A DIY Landlord’s Guide to Having Positive Tenant Landlord Relationships


A DIY Landlord’s Guide to Having Positive Tenant Landlord Relationships

Behind a “bad” tenant and Landlord relationship, lies a more nuanced story.

Two men talking.If you just cruise the Internet at random, looking at stories from landlords and tenants about the other, you rapidly come to the conclusion that the tenant landlord relationship is naturally one of mutual contempt and loathing.Very few tenants have a lot of good to say about their landlords, and the reason why is actually pretty obvious — but so is the solution.

The Reason Why
Every relationship in the world can be broken down (among innumerable other ways) into two categories: mutual relationships and transactional relationships. The latter group consists of any relationship in which someone ‘owes’ someone else something, and the point is to keep track of which is owed and how much for purpose of ‘calling in’ the debt later. The former group consists of any relationship in which the two parties pursue a goal that both share, and the point is to stay on the same page regarding that goal.

Literally no human being appreciates being part of a transactional relationship. Whether you’re the person who owes or the person who is owed, every interaction that occurs between the two parties reminds both of them that the imbalance is being tracked. The ‘weight’ of that imbalance causes both parties aggravation that goes up exponentially as the weight goes up. The only positive interaction that can occur as part of a transactional relationship is the paying-off of the debt, which also happens to be the end of the relationship.

Contrarywise, everyone likes being part of a mutual relationship (provided the relationship is going well). Humans are biologically wired for cooperation and teamwork — it’s how we survived the ancient wilds despite being soft and clawless. We get all sorts of positive internal responses from being part of a team (even a team of two).

But because the landlord-tenant relationship is based on a lease — a contract that is literally a list of obligations that each party owes the other — it’s impossible to have a landlord-tenant relationship that isn’t marked by each party keeping track of what the other owes them. Which means that every interaction between landlord and tenant will aggravate both of them, because both being owed a debt and owing a debt are annoying.

Sidebar: Transactional vs. Mutual
If you’re not sure whether a particular interaction is transactional or mutual, here’s a simple list of concepts you can use to differentiate. Each bullet point has two parts; the first part is a transactional element of an interaction, and the second part is the mutual equivalent.
• Professional — friendly
• Self-interested — mutually interested
• About what you get — about what you contribute
• Keeping in touch — staying on the same page
• Understanding the process — understanding the person
• Judging the results — evaluating the relationship itself
• Winning a conflict — resolving a conflict
• Reaching a compromise –coming to an agreement

The Solution
Fortunately, there’s a “secret” about transactional and mutual relationships, and that is that they are not mutually exclusive. It’s totally possible (and in fact normal) for a single relationship to have both transactional and mutual elements. And the amount of satisfaction that a relationship can provide is quite directly related to the degree to which a relationship is mutual.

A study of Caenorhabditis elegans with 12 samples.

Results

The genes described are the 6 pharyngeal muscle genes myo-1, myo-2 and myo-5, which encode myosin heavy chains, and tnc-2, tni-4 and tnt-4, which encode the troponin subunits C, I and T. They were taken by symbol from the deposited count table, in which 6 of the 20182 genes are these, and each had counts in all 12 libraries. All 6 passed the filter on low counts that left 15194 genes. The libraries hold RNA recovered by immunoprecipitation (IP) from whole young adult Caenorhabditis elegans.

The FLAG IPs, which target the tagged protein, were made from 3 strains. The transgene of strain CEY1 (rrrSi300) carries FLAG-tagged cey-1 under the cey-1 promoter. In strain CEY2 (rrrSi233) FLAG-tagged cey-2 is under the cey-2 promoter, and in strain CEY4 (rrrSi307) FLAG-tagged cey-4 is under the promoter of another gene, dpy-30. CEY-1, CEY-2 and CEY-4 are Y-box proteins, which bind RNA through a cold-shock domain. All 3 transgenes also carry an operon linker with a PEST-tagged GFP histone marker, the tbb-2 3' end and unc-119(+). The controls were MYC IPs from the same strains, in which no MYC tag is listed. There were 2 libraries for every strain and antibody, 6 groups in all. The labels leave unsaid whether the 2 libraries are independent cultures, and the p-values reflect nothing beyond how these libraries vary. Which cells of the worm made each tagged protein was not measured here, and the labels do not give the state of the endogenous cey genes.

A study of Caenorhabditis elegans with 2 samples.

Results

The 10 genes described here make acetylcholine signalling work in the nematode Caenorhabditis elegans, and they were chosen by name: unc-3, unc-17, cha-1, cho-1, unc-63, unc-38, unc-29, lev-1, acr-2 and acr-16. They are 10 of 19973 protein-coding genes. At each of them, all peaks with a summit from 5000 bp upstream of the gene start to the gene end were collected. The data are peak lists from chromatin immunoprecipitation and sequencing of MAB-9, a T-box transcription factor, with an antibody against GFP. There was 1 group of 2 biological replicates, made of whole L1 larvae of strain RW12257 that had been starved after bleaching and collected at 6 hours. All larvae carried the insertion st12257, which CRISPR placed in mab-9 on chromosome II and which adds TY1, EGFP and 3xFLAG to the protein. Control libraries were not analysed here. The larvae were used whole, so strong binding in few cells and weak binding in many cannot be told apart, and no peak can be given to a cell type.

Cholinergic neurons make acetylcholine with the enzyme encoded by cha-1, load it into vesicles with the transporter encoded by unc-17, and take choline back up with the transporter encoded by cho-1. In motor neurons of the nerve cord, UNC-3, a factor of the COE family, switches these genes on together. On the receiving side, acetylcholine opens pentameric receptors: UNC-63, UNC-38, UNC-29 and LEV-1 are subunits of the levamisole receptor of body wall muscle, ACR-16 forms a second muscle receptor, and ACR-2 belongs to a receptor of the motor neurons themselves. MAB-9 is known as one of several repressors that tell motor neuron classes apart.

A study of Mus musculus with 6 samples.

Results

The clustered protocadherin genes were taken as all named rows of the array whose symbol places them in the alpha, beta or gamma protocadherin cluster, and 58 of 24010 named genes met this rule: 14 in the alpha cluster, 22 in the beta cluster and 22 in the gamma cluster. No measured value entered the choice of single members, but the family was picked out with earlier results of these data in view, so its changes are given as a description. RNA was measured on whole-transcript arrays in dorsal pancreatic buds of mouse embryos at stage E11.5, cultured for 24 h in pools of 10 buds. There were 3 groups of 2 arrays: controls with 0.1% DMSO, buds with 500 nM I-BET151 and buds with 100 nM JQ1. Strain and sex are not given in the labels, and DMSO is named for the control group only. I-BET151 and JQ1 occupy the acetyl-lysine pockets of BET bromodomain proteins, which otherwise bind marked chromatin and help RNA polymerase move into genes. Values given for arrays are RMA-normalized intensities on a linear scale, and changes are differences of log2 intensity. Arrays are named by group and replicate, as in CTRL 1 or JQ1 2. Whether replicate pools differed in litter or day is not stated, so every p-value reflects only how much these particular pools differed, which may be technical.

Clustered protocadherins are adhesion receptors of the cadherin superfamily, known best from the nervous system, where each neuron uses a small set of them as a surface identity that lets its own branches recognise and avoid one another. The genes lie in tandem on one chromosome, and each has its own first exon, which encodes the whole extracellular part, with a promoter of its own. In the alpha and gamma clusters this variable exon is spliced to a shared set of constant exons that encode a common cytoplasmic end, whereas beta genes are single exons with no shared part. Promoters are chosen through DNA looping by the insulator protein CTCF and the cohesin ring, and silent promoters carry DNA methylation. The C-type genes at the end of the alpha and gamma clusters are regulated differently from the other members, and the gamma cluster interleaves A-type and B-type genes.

Left to itself, the relationship between landlord and tenant is 100% transactional (and thus 100% dissatisfactory). So as a landlord, if you want your tenants to have a positive relationship with you (or your company), you have to look for opportunities to add mutualistic interactions to the relationship.

How? Well, that depends a lot on the tenant themselves. But in general, you can expect that any given tenant will have a few goals that the two of you have in common, each of which is an opportunity to connect and make progress toward those common goals. Two universal examples:
Paying their rent on time — Yes, this is actually something that tenants want to do! Right up until they can’t for whatever reason. As soon as they decide they can’t do it, they’ll find some reason to vilify you and use that an excuse to not do it. That means it’s your job to show them that they can pay their rent. Work with them to put together a payment plan, offer to pay them to do minor repairs you know the house needs, whatever it takes — as long as both of you agree that it’s helpful and useful to both of you. Just be sure all of this is clearly in writing and signed.
Keeping everything working — This is similar, but in general it’s the tenant that suspects you don’t want to keep everything in good, working condition. The tenant tends to think that you would rather not spend any money, ever…but you know (or should know) that a little money put into maintenance now saves a lot of money put into replacing broken things later. So, getting together with the tenant and having a good chat about the value of letting you know what’s up right away can get both of you working toward a mutual goal.

Other mutual goals will be a bit more personalized to the tenant, but the concept — find things you agree are valuable and work together on them in a mutual, non-transactional way — is a great way to keep those really valuable tenants that you want to keep renewing for years to come.